Barrasso weighs in during Mining Law discussions

WASHINGTON, D.C. – Wyoming U.S. Sen. John Barrasso invited president and CEO of Wyo-Ben, Inc., David Brown, to testify to the Senate Committee on Energy and Natural Resources last week to examine and consider updates to the Mining Law of 1872.

The Mining Law of 1872 regulated mining of certain mineral resources on federal public domain lands. Specifically, it permits individuals and corporations to prospect on public domain lands and to stake claims on mineral discoveries they make. This law has applied since before Wyoming became a state and many believe it is outdated when compared to the massive commercial drilling done in modern society. Environmentalists, fiscal hawks and some in Congress have often sought to add a royalty rate for miners of hard-rock minerals on federal lands, which the original law neglected to implement.

In Brown’s written testimony, he highlighted the exceptional quality of Wyoming’s sodium bentonite.

“It’s important for me to note that around 90 percent of the bentonite we use for our products is obtained from mining claims on federal lands administered by the Bureau of Land Management,” Brown said. “As a small company that operates in an industry segment with inherently low profit margins, and that relies heavily on mineral resources from federal lands, our ability to compete in the domestic and international marketplace is dependent on our ability to access and economically mine these resources.”

The Congressional Budget Office estimated last year that it loses up to $7 billion every year in royalties, most from gold, by companies not being subjected to paying. Sen. Joe Manchin, chair of the Senate Energy and Natural Resources Committee, said he wanted to avoid “undue burdens” on the industry but often argued it unfair for hard-rock mining companies to avoid paying royalties while coal mining companies do.

Brown said the mining law is complex and requires thoughtful discussion. He testified that a “one size fits all” approach to mining reform would perhaps threaten viability of his company to operate and offer good-paying employment.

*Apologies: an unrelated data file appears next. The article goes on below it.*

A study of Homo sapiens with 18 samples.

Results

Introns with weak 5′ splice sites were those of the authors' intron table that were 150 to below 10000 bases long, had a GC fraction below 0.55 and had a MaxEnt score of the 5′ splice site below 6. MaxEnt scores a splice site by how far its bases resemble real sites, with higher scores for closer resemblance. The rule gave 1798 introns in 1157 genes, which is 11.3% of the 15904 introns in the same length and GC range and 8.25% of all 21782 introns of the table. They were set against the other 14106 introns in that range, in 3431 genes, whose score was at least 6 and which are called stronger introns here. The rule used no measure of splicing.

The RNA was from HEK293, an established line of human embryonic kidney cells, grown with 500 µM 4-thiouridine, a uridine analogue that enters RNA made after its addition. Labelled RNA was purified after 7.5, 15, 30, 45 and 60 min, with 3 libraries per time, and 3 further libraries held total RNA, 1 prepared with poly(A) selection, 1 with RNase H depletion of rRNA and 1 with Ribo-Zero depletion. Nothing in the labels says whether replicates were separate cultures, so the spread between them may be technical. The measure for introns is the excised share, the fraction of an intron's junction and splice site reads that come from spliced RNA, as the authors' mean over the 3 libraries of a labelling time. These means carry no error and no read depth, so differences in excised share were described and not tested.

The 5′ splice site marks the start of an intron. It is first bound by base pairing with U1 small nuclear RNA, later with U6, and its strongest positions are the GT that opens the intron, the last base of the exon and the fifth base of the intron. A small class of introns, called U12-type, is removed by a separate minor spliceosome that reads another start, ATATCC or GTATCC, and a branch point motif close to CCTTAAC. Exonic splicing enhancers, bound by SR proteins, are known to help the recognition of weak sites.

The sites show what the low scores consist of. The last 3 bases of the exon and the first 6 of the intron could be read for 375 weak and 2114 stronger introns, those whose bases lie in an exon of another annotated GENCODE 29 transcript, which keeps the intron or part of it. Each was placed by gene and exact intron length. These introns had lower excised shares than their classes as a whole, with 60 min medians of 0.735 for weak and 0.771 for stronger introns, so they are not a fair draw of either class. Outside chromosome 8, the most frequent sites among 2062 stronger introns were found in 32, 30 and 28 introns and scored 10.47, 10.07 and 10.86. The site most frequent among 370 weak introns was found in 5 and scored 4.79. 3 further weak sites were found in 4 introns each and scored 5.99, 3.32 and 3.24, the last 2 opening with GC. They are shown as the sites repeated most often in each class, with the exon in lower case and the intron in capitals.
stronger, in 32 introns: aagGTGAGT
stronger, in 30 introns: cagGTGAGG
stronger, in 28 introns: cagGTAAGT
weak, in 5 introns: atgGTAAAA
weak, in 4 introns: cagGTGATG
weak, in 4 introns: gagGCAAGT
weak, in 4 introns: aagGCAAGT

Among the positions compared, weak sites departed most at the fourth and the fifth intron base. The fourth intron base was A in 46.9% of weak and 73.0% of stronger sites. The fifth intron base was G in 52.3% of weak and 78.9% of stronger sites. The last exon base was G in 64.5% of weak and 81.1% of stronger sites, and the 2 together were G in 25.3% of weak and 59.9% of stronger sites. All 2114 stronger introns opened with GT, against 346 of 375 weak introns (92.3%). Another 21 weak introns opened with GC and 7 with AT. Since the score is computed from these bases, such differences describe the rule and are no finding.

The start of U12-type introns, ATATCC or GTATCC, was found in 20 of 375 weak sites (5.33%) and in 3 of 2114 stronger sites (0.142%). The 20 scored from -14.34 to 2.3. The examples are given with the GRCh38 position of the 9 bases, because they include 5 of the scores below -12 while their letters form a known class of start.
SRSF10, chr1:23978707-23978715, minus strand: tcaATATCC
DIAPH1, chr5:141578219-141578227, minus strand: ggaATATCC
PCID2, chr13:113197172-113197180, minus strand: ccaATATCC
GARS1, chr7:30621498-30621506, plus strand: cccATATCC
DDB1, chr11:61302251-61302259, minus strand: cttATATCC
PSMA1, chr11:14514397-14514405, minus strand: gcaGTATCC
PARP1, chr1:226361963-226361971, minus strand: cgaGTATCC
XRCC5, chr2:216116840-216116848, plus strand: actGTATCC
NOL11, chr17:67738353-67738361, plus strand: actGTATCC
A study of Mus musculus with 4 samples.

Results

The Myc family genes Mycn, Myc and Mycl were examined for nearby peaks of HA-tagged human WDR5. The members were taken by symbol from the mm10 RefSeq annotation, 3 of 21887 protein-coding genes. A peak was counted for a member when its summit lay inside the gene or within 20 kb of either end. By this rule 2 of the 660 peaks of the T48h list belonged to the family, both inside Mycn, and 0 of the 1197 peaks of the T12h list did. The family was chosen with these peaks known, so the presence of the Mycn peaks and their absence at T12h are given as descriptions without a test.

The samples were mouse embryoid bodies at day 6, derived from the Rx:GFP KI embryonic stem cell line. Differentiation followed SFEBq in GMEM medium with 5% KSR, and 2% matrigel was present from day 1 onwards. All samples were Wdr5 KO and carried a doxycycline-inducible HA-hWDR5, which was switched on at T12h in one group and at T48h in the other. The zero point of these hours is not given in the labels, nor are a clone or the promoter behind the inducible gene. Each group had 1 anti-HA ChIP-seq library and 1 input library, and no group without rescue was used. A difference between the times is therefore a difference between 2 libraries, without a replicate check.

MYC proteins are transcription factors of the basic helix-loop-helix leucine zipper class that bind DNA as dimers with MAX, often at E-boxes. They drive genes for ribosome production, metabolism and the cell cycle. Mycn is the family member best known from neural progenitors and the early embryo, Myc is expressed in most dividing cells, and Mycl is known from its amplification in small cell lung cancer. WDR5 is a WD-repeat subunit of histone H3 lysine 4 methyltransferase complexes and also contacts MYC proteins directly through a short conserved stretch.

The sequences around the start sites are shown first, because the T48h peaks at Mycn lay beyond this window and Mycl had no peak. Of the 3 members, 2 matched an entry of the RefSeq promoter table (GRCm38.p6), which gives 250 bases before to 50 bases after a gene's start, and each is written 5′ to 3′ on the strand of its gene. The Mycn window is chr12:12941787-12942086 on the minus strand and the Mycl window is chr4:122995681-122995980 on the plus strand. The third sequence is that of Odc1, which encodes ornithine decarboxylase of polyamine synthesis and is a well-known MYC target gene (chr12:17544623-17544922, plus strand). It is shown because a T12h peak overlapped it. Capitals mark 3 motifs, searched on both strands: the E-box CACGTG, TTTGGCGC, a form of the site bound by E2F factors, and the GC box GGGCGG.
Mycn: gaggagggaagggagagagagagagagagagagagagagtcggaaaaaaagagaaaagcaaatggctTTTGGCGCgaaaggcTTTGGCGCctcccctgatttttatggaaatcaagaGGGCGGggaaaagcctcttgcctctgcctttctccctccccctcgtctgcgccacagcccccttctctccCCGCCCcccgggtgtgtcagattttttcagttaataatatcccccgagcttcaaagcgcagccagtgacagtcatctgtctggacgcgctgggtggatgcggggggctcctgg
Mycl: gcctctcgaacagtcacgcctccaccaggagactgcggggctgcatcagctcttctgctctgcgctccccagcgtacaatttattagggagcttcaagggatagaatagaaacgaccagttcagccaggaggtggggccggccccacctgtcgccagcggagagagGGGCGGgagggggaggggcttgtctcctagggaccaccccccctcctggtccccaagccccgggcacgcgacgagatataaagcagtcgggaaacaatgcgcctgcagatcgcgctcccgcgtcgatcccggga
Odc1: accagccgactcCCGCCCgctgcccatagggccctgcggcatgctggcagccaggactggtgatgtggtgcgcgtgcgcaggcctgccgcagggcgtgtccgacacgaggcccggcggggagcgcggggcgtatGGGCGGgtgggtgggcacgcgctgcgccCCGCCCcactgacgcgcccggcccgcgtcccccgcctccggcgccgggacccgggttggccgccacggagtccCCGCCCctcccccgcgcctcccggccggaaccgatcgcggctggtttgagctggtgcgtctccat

“Further, the negative impact of the proposed mining law changes on the nation’s supply chain as well as on our local communities would be severe,” Brown wrote. “For all these reasons, I respectfully request the committee to recommend to the full Senate that the Hardock Mining Section be removed from the final Reconciliation Bill before it is sent to the president. I appreciate this committee taking the first step toward considering Mining Law reforms through regular order with this hearing and look forward to continuing to engage with you on this important issue.”

Brown’s company, Wyo-Ben, has produced Wyoming bentonite clay products since 1951. It harvests bentonite from reserves in the Big Horn Basin. Its name derives from Wyoming bentonite – although it is headquartered in Billings, Montana.

Wyoming largely depends on federal lands for its mining operations. Brown said about 90 percent of the bentonite his company uses comes from mine claims on federal lands.

The House Natural Resources Committee added a provision in the Reconciliation Bill that would impose an 8-percent royalty rate on new mines and a 4-percent rate on existing operations. The provision would also create a 7-cents-per-ton fee on material displaced during mining operations. Barrasso, as well as Senate Republicans, saw that as a “dirt tax.”

Barrasso eventually called for an overhaul of the permit system for hard-rock mining after royalty rates split a number of Congressmen. He said he was open to supporting adding federal royalties as long as it was accompanied by permitting reforms outside of the reconciliation process.